Publishers relying on reach from Facebook are set to take a hit, with the network’s latest algorithm tweak favouring posts from friends and family, over organisations.
Digital publishing analytics company Parse.ly claims that 41.4% of publisher referral traffic comes from the social network, 2% more than via Google, and way ahead of Yahoo, Twitter and Bing, which provide under 10% each.
A blog post by Facebook engineering director Lars Backstrom claims the tweak was made in order to provide a more relevant and personally-engaging user experience, which could mean skimming off a portion of celebrity updates, local news or recipes, for example.
“The feedback we’ve gotten tells us that authentic stories are the ones that resonate most,” he states.
“We work to understand what kinds of stories people find misleading, sensational and spammy, to make sure people see those less.”
Playing to emotions
As a result of the change, the industry could witness an increasing tack towards emotive ad content, as publishers look to tap into intimate friend circles to maximise share counts. Additionally, we’re likely to see a huge rise in the type of video content already seeing success by publishers such as BuzzFeed.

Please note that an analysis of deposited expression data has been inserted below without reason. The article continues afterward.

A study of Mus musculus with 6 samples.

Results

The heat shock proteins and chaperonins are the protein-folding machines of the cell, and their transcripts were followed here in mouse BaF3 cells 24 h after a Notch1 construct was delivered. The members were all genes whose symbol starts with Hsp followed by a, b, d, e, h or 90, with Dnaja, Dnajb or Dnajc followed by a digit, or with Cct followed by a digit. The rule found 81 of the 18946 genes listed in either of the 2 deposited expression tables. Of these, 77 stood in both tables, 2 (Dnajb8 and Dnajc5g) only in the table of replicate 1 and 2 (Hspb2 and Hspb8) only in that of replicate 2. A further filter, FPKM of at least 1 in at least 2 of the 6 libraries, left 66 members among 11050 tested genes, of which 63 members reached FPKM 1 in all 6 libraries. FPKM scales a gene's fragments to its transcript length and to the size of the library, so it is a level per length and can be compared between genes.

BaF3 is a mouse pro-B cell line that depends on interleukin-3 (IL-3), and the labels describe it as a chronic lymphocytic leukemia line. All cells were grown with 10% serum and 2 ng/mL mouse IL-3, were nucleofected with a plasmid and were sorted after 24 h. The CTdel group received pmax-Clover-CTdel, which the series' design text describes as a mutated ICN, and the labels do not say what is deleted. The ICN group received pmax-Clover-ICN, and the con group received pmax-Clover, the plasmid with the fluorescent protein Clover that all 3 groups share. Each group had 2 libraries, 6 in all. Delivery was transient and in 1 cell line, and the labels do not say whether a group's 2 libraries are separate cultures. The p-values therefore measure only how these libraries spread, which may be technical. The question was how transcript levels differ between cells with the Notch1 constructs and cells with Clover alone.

According to research by Digiday, this kind of content is seven times as likely to be shared as that of normal, text-based posts, and Facebook has already shown its encouragement, paying certain celebrities to live stream.
As stated in his blog post, Backstrom doesn’t deny the impact that this algorithm tweak could have on publishers, especially for smaller-scale organisations.
“The specific impact on your Page’s distribution and other metrics may vary depending on the composition of your audience.”
Backstrom explains that if the bulk of a publisher’s referrals is as a result of people sharing content, and friends liking and commenting, there will be less of an impact than if the majority derives directly from Page posts.
While engagement and clicks will have been the chief driver, less traction being gained from organic posts is likely to see Facebook’s paid alternatives gaining an ensuing spike, an aspect that has surely contributed somewhat to the discussion.